Local oxidation creates buried waveguides

Researchers at the Istituto Elettrotecnico Nazionale Galileo Ferraris (IEN; Turin, Italy) have fabricated and patterned porous silicon to provide lateral waveguide confinement while at the same time leaving a flat surface on which further circuitry can be deposited.

Lfw 2001 07 Local

Researchers at the Istituto Elettrotecnico Nazionale Galileo Ferraris (IEN; Turin, Italy) have fabricated and patterned porous silicon to provide lateral waveguide confinement while at the same time leaving a flat surface on which further circuitry can be deposited. The technique uses localized oxidation and collapse caused by exposure to a focused laser beam. The structures produced operate as they were designed to—as single-mode waveguides—and have, according to initial experiments, a loss of less than 1 dB/cm.

Porous silicon has the property that its refractive index varies widely depending on the level of porosity. The problem with the material has been that it is not easy to pattern porous silicon photolithographically; in addition, the resulting waveguides would take up space that could be used for other purposes. The approach at IEN has been, instead, to make sections of the silicon substrate itself porous in the form of a plane that guides vertically, and then to use a laser technique to provide the lateral confinement.

To achieve this, the researchers first created porous silicon layers of different refractive index to act as the waveguide top cladding, core, and bottom cladding. This was done first by removing the parasitic surface layer of a crystal of p+-type <100> single polished silicon and then anodizing the substrate underneath. They then used an electrochemical cell with a hydrofluoric-acid:ethanol solution to make the silicon porous. For the top cladding layer (1.18 µm thick, porosity 77%), current at a density of 440 mA/cm2 was applied for 4 s in 0.2-s steps; in between the steps, an etch-stop bath was used for 10 s, allowing the solution inside the pores to be replenished. The core (3.8 µm thick, 75% porosity) and bottom cladding layer (8 µm thick) were made using essentially the same process.

Once the waveguiding slab has been created, the waveguide is patterned using a 488-nm argon-ion laser beam focused down to a 10-µm spot. The substrate is moved relative to the spot to allow the desired pattern to be imparted. During this procedure--called laser local oxidation (LALOX)--the local temperature reaches 900°C, producing two different effects. Near the surface, which is exposed to air, the silicon forms an oxide and so is strengthened. Beneath the surface, however, the porous silicon cannot withstand the high temperature and collapses. Both processes perform the main necessary function, which is to produce a sufficiently large refractive-index change to allow light to be guided (see figure).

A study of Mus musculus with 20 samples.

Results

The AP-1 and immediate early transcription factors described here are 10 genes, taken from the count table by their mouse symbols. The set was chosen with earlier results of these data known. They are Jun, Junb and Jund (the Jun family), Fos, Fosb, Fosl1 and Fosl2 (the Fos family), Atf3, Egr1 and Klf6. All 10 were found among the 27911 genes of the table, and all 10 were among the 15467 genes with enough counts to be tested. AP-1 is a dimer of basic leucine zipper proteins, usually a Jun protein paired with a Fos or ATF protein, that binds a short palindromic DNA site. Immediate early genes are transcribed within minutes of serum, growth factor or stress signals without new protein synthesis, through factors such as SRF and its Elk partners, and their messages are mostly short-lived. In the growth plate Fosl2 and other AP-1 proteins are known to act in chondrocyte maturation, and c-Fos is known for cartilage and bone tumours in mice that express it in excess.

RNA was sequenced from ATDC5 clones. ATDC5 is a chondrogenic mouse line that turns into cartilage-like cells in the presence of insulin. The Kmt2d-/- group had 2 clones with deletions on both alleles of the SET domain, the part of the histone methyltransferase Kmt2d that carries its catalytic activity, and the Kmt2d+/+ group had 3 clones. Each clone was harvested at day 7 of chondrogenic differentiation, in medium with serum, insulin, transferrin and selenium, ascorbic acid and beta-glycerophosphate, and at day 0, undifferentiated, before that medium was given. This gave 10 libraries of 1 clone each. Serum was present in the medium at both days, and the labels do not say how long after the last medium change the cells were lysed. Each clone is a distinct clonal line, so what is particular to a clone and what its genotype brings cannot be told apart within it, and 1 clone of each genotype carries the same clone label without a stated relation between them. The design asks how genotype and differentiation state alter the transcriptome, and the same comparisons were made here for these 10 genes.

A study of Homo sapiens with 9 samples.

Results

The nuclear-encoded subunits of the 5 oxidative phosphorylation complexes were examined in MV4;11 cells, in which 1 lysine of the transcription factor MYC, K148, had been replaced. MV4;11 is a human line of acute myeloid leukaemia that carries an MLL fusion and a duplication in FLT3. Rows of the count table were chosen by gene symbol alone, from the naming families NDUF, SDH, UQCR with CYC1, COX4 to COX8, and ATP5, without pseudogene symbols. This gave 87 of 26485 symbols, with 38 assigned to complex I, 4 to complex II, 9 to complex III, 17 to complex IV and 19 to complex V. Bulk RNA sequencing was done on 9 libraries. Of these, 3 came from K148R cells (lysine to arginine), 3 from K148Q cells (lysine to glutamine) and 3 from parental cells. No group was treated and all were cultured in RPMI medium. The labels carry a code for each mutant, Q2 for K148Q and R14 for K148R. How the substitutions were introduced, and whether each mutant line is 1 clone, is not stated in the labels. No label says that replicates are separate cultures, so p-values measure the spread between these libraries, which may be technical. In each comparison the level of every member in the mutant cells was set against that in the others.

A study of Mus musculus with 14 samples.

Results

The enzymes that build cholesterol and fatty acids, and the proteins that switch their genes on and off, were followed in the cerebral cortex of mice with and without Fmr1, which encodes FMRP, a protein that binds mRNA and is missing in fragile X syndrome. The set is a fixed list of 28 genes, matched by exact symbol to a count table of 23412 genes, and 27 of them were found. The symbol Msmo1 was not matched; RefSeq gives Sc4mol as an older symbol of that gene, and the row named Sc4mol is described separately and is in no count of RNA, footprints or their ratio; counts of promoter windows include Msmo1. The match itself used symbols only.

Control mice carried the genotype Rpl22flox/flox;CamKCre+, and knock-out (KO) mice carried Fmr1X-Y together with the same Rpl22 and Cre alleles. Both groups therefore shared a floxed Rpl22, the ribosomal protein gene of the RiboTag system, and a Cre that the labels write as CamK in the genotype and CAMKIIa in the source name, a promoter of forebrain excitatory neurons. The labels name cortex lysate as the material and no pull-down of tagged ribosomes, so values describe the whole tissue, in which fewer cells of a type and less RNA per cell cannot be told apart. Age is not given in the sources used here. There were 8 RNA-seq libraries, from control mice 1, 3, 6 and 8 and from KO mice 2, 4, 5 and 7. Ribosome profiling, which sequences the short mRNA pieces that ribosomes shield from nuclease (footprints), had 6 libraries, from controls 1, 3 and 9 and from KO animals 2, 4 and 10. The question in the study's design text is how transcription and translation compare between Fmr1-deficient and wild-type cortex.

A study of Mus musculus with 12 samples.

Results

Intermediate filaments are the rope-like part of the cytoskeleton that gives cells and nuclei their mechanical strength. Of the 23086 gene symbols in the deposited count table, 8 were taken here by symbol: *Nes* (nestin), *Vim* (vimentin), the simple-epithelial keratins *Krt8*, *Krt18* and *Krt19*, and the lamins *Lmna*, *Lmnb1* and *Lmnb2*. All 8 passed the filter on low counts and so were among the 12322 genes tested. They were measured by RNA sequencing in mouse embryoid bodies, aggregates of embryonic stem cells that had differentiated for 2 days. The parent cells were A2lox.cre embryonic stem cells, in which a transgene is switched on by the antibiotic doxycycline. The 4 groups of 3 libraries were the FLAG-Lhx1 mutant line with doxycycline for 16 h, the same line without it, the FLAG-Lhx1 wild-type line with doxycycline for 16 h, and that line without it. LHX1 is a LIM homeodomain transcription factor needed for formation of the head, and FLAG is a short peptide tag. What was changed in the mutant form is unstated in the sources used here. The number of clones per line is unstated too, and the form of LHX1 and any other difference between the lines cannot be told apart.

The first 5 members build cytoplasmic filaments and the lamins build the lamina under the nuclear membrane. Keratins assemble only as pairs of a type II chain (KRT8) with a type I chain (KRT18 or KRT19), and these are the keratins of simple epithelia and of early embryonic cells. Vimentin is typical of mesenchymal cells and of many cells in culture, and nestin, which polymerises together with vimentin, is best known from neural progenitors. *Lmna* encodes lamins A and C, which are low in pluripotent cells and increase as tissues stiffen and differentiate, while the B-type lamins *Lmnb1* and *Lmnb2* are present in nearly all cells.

Using a focused beam from an argon-ion laser, porous silicon is partially oxidized, creating lateral confinement for a buried waveguide. In practice, the full oxidation shown does not take place because there is insufficient oxygen beneath the surface--the material collapses instead. Even so, partial oxidation is still enough to create an efficient waveguide.

For structural integrity, it would be ideal to have the porous silicon also oxidized below the surface. This could be done using a preoxidation step, where the material is heated to 350°C in oxygen. Then, after LALOX, the resulting structures would contain an oxide skeleton, allowing the resulting structure to undergo further high-temperature processes. However, in their experiments, the IEN team did not attempt to use this technique because they wanted to avoid introducing unnecessary refractive-index changes.

Despite cleaved facets providing a lossy input to the waveguides, and mismatch between the size of the fabricated waveguides and input fibers, researchers were able to do some qualitative experiments on the waveguide quality. They found that the guiding structures themselves were very efficient: a 12-dB loss was measured over distances of both 1 mm and 1 cm (any difference was undetectable with their equipment), suggesting that the input coupling, rather than absorption in the waveguide, was the cause of loss. Also, despite the fact that the lateral confinement channels did not penetrate the full depth of the cladding, only single-mode propagation was detected--an observation that was backed up by theoretical calculations.

REFERENCE

  1. Andrea M. Rossi et al., Appl. Phys. Lett. 78 (20), 3003 (May 14, 2001).

SUNNY BAINS is a scientist and journalist based in London, England.